Churches are made up of all kinds of people, people with various social status, people with a wide variety of financial stability, inherently kind-hearted people, people who worship God on Sunday and the ways of the world on Monday, spiritually strong people, people who struggle with their faith, people who are needy and asking for help and people who hurt quietly.
You can walk the halls or sit in the assembly and see people you want to be around, and others you in the back of your mind hope you won’t have to spend time with today. You hear from the complainers more often than those who sing praises for what’s happening in “church.” You hear problems from the same people over and over and enjoy the company of a select few each week.
We know all these people, and yet there is one group that is probably the most neglected in any church, especially as a congregation grows larger. You might think it’s what some think of as the “undesirables,” you know the ones people avoid or talk about when they aren’t around. Or maybe you think it’s the trouble makers; the ones who seem to keep things stirred up. But it’s actually neither of these. You’ve passed them in the hallways; you’ve sat near them in the assembly; some have probably brushed up against you or smiled at you.
Who is it? It’s the invisible people. Not physically invisible, just invisible to most people around. Ralph Ellison in a 1953 novel entitled “The Invisible Man” (not to be confused with the Sci-Fi story), when talking about a character’s place in society wrote:
“I am an invisible man. No, I am not a spook like those who haunted Edgar Allen Poe. Nor am I one of your Hollywood movie ectoplasms. I am a man of substance, of flesh and bone, fiber and liquids, and I might even be said to possess a mind. I am invisible, simply because people refuse to see me.”
One of my favorite stories of Jesus is John 9, and the story of the blind man. One thing that I’ve wondered happened before the story of John 9 takes place. I wonder how long the man had sat begging, but going unnoticed by the crowd. How many people had passed him by, brushed up against him or stood right in front of him talking with a friend and never noticed him sitting there? How many deaf ears were tuned out? How many eyes looked the other way? How many feet stepped on the hem of his garment? How many gates did he pass through going back and forth morning and evening without a word being spoken to him? To the majority of the city, he was simply “an invisible man.”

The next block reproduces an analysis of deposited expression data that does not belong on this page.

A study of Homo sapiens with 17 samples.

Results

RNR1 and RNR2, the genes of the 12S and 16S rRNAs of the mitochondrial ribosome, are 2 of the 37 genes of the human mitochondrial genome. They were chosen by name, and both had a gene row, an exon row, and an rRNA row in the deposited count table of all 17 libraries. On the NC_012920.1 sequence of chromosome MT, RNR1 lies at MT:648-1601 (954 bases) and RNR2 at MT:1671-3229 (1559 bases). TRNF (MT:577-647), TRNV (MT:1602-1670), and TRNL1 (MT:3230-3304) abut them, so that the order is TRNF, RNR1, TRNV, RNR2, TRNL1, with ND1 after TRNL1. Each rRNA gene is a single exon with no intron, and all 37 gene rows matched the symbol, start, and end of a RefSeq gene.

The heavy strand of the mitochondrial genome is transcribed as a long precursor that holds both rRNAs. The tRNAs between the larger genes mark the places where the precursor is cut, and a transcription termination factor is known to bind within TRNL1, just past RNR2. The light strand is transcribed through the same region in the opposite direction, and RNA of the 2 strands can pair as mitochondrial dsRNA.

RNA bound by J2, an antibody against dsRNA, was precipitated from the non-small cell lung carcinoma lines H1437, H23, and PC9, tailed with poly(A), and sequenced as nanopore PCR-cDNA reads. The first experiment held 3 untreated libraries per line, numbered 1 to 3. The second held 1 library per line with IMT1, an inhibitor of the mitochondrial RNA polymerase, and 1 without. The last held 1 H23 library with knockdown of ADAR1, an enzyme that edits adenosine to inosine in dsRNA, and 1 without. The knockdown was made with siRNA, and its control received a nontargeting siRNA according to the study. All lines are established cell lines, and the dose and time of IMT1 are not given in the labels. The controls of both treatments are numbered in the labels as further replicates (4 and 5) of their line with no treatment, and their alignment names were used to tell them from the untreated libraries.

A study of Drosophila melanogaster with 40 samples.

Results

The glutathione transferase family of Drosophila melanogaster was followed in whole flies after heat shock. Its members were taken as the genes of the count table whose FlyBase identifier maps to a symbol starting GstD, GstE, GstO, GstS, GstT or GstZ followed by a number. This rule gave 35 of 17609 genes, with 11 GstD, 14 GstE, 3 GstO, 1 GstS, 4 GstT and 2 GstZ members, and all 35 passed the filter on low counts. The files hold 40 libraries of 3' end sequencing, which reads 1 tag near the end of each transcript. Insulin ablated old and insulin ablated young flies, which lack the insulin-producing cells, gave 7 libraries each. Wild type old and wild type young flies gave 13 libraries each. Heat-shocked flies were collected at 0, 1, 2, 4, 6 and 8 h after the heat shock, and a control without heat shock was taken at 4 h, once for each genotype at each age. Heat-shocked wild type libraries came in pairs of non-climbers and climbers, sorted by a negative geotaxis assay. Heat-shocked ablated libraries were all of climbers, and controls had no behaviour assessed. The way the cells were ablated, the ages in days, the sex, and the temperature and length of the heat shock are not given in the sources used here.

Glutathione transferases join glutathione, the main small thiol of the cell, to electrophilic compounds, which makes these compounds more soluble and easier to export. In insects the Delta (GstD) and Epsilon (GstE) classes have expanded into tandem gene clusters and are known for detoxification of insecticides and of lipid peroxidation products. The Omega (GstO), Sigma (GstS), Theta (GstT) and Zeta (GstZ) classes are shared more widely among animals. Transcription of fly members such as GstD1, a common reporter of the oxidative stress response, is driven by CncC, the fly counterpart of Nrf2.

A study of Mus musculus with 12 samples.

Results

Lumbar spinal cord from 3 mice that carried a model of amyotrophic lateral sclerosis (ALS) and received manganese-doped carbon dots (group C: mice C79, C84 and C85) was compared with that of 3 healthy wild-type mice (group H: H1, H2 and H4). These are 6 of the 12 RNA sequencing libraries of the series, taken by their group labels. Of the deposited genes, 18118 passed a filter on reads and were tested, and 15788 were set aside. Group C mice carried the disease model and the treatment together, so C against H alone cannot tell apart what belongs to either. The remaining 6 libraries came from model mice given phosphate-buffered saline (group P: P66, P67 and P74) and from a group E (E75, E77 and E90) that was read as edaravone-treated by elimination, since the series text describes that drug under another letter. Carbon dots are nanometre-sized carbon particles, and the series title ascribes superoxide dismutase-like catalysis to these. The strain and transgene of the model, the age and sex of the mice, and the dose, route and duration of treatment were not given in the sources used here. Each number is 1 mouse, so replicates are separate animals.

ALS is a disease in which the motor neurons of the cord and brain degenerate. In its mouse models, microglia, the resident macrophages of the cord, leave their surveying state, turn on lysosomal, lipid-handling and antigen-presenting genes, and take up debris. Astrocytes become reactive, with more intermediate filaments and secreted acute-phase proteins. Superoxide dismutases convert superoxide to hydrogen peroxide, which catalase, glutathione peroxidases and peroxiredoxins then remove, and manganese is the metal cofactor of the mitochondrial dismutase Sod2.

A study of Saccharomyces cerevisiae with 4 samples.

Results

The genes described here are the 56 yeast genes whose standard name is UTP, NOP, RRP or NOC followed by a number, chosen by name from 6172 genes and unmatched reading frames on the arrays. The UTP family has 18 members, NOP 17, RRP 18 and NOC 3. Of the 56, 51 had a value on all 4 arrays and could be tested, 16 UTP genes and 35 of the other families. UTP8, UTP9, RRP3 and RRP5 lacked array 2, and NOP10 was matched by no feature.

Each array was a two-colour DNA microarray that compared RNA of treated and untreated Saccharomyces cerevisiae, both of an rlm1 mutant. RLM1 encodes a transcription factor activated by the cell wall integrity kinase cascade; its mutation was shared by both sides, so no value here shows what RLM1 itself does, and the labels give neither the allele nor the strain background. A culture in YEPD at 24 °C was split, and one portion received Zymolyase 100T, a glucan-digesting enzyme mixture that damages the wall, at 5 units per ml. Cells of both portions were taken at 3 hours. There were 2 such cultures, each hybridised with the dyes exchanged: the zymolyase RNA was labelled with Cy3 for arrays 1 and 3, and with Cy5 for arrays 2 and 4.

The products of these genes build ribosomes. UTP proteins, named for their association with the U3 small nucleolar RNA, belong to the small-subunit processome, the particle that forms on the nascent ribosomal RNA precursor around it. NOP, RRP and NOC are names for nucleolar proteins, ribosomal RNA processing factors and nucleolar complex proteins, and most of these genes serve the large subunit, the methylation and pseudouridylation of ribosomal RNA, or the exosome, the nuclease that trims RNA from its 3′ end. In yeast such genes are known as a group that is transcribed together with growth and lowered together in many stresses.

Churches are full of invisible people. People who slip in the door after services start and leave before it is over. People who stand around waiting for someone to notice them, then quietly leaving to be alone again or at least go somewhere where they are noticed. Part of their invisibility is their fault, they may not want to be seen or may not make themselves known. On the other hand, it is our calling as Christians to open our eyes and look for those who need to be brought into the warmth of the savior.
In John 4, Jesus tells his disciples to “open your eyes” and see the harvest that was coming toward them. Daniel prayed to God, “My God, lean down and listen to me. Open your eyes and see our despair.”
As we sit in our pew, as we walk the hallways or as we step in or out of our car, we should open our eyes and look for the invisible people and when we see one meet them and talk with them and make them feel that they are a welcome part of the body.
The following scripture probably did not have this specifically in mind, but the thought is just as strong. I’ve personalized it in parenthesis, “for in him were all things (people) created, in the heavens and upon the earth, things (people who are) visible and things (people who are) invisible, whether thrones or dominions or principalities or powers; all things (people) have been created through him, and unto him.” Colossians 1:16

Danny Minton is Pastoral Minister and Elder at Southern Hills Church of Christ.